14–17/ Finished in April
- JH Prynne: The White Stones (NYRB, 2016)
- Claire Wahmanholm: Night Vision (New Michigan Press, 2017)
- Claire Wahmanholm: Wilder (Milkweed Editions, 2018)
- Ronald Johnson: ARK (Flood, 2013)
- John Matthias: Collected Longer Poems (Shearsman, 2012)
- Jim Harrison: Dead Man’s Float (Copper Canyon, 2016)
Johnson: I’m not sure I actually read the whole thing. I started at the beginning, but then opened it randomly further in, and simply wandered about after that. It’s not a poem you read, it’s a poem you live inside of.
Matthias: Old-school high modernist. These poems are direct descendants of Paterson and the best of The Cantos (and The Best of The Cantos would, by the way, be a very short book, including not much more than the Pisan cantos.) John Matthias could be read comfortably alongside Geoffrey Hill or Peter Dale Scott as well as Lyn Hejinian or CD Wright.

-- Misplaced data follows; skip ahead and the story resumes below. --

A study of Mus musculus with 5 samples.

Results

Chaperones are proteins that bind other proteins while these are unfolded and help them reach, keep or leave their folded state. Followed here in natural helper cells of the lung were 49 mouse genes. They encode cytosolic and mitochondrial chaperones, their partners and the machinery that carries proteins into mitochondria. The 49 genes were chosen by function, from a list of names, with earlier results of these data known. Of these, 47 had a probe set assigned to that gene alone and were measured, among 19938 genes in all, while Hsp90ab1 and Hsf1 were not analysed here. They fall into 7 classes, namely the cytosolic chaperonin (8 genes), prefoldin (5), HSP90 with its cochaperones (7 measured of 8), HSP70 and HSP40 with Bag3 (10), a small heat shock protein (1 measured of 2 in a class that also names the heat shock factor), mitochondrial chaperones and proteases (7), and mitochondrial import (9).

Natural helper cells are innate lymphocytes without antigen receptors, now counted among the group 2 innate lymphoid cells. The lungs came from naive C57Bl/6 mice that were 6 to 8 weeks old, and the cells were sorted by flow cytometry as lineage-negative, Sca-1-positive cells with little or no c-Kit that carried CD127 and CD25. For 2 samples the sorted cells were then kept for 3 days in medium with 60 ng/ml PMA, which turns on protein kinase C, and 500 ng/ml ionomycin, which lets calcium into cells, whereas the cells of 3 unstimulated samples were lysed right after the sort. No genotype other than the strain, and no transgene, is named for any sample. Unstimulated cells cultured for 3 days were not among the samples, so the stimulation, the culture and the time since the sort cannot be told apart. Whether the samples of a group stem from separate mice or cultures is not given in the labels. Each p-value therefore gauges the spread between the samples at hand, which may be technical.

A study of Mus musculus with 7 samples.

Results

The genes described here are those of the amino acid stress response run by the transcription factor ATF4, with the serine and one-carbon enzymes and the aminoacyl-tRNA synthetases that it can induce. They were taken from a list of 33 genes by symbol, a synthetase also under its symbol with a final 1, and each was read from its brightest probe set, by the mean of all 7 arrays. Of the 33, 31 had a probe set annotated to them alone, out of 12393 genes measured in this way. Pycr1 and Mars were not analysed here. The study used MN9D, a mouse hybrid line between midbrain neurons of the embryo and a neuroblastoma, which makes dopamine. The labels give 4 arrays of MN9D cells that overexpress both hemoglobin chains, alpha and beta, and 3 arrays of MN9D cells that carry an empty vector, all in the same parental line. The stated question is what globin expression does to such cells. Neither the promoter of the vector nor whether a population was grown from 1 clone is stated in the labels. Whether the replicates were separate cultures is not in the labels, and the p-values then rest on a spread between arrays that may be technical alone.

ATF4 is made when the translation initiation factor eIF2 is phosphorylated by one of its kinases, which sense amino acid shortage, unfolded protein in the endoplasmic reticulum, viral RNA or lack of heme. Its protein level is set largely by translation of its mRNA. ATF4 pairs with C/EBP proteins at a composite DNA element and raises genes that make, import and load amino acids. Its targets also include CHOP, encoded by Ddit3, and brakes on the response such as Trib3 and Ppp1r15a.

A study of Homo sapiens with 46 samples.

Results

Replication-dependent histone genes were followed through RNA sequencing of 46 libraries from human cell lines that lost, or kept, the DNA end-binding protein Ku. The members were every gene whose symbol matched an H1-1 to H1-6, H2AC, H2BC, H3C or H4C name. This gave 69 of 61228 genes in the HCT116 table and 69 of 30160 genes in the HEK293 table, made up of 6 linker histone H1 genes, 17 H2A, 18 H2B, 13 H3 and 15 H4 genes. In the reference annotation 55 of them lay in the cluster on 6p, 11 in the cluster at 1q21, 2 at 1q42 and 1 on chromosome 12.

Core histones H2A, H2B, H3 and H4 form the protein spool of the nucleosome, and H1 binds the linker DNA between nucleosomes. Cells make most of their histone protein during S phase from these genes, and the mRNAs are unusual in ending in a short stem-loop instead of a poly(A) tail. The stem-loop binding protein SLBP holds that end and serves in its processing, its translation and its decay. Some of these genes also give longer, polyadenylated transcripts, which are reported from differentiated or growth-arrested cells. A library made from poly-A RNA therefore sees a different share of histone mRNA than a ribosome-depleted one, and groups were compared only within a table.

Extremely smart, lots of footnotes, and with a startling music, as bewildering and mesmerizing as hearing bebop for the first time.
Harrison: I put off reading this for a year because it is the last new poetry by Jim Harrison I’m ever likely to see, barring any unpublished manuscripts they find in the cabinet behind the bourbon.
Jim Harrison was this country’s Han-Shan. He acknowledged magic with a shrug, sometimes gravely toasting the gods with cheap red wine, sometimes exuberantly giving them the finger. Angels don’t fly; they crawl on their hands and knees, laughing and weeping at the same time.